What Impact Does Precipitation Have On Our Drought and Water Supplies?
By Warren Tenney
When you live in a place where drought spans multiple decades, every bit of precipitation receives an enthusiastic welcome, but what does that really mean to our drought status, and what effect does it truly have on our water supplies?
The most recent winter storm brought essential moisture to areas across the State providing a short-term relief to our environment including our vegetation, which reduces the risk of catastrophic wildfires. The precipitation increases the amount of water in local reservoirs which improves their overall status. In addition, rain and snow in the Upper Colorado River Basin results in more water flowing into Lake Mead reducing the likelihood of Colorado River supply cutbacks.
However, when we take a step back and get a look at the big picture, this winter’s rain and snow are merely a few drops in a very large bucket and cannot erase multiple dry years. Research shows that drought cycles and wet cycles in Arizona can run 20 to 30 years, and the current record-breaking drought cycle began around 1999. The last eight years have also been the driest on record in the Salt and Verde rivers’ watersheds. So realistically and historically, it would take a few years of greater than average snow and rain to begin to heal the wounds left by the current drought.
The AMWUA cities understand this historical cycle and the basic fact that we live in the desert so they have built with drought in mind. The cities have made significant investments to prepare their infrastructure and build a diverse portfolio of water supplies so they can ensure the delivery of this essential resource to their residents and businesses. But what is a water portfolio and why does that matter?
By having more than one supply of water, the cities are prepared for both long-term and short-term challenges. In other words, they do not rely on one bucket to fill everyone’s glasses. This diversity increases our security. Let’s take a look.
Salt River Project (SRP)
• SRP delivers water captured behind dams on the Salt and Verde Rivers, supplemented by groundwater, through 131 miles of canals to the AMWUA cities.
• AMWUA cities use SRP supplies to meet 41 percent of their collective demand.
• Recent research shows the SRP water supply to be very resilient to the worst known droughts, even in the tree ring record, as well as climate change forecasts.
Want to learn more about Salt River Project? HERE is a great place to begin.
Central Arizona Project (CAP)
• The 336-mile-long canal brings water from the Colorado River into the Phoenix and Tucson areas.
• AMWUA cities use CAP supplies to meet 45 percent of their collective demand.
• Cities have a higher priority when it comes to CAP deliveries and will not be the first cut when Colorado River supplies are reduced.
Want to learn more about the Central Arizona Project? You’ll find the answers on their WEBSITE.
• The AMWUA cities understand the importance of preserving groundwater and have been stalwart supporters of the 1980 Groundwater Management Act.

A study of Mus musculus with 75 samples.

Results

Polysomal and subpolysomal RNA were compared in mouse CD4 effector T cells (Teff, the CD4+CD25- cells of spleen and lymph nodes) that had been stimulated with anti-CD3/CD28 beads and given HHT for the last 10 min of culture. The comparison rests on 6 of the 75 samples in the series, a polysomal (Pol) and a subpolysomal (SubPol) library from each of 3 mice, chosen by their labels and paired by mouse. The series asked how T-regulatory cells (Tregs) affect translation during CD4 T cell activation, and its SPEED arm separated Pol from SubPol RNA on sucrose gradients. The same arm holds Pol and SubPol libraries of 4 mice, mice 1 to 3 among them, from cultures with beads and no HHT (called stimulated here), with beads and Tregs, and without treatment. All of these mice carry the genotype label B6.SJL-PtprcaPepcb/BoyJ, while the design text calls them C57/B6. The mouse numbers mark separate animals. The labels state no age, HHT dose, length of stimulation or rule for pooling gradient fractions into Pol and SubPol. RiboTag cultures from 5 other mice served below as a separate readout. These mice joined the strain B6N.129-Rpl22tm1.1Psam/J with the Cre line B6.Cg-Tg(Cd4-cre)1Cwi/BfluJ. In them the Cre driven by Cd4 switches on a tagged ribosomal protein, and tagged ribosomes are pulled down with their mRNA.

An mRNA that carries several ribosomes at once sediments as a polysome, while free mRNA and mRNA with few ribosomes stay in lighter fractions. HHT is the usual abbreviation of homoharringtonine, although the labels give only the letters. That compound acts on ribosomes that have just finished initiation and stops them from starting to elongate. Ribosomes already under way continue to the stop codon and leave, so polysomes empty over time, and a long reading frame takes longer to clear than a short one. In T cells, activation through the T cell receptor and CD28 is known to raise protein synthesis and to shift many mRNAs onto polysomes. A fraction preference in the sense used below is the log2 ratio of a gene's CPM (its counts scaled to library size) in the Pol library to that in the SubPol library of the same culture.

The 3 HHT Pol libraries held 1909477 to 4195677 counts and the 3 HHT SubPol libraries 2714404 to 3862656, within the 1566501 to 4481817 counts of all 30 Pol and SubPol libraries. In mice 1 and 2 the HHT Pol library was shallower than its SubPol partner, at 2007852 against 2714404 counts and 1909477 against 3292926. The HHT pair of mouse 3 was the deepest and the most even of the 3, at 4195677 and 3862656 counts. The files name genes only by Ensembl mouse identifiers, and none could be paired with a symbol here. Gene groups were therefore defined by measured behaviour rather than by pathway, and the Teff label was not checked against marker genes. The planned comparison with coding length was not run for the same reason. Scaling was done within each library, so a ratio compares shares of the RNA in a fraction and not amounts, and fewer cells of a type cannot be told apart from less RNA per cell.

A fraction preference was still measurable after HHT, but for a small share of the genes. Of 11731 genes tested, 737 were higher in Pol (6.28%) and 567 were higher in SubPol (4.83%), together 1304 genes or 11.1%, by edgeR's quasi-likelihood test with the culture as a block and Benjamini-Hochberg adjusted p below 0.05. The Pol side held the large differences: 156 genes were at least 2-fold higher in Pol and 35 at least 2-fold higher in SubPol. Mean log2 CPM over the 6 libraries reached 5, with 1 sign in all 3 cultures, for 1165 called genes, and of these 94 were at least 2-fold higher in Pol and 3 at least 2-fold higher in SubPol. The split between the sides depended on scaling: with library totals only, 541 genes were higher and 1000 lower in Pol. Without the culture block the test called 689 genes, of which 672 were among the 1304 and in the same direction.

• The AMWUA cities rely on naturally occurring groundwater for only five percent of their needs.
• The aquifers that contain groundwater beneath our feet are vital to our way of life. They supply a portion of the water we use, and they act as underground reservoirs to buffer if water deliveries from SRP or CAP are reduced.
• With little precipitation, these aquifers naturally replenish very slowly. Much of the water in the aquifer is “fossil water,” trapped underground eons ago. It is not a renewable supply. Therefore, we must carefully manage these aquifers.
• There is a significant amount of naturally occurring groundwater beneath our feet. This water is the ultimate back-up if other sources fail. However, this groundwater is not a renewable resource and should not be relied on as a long-term supply.
Learn more about groundwater HERE.
• AMWUA cities use effluent, or recycled water, to meet nine percent of their collective demand.
• Effluent is a drought proof, renewable supply that is available whenever we use water.
• AMWUA cities collectively put over 90% of their effluent to beneficial use, but not all of it is used within their service territories. For example, five AMWUA members deliver effluent to the Palo Verde Nuclear Generating Station for cooling purposes.
A diverse portfolio of water supplies increases reliability and that is vital to residents and businesses, to our way of life, and our overall economy. AMWUA cities are fortunate to have access to water from the SRP system and Colorado River water delivered by CAP. AMWUA cities have built a unique, complex, and robust infrastructure network to utilize all these supplies and ensure water is always available. The extreme unpredictability of water supplies in the desert requires a higher level of planning and preparedness. This means AMWUA cities’ water supplies are arguably more secure than those of cities in significantly wetter areas. And this is why we can support such a large population in the desert.
In the end, precipitation in our arid climate is always welcome, but the reality is it will take more than a few memorable storms to have an overall effect on our long-standing drought. At least in the meantime, we are built for drought.
For 50 years, Arizona Municipal Water Users Association has worked to protect our member cities’ ability to provide assured, safe and sustainable water supplies to their communities. For more water information visit www.amwua.org.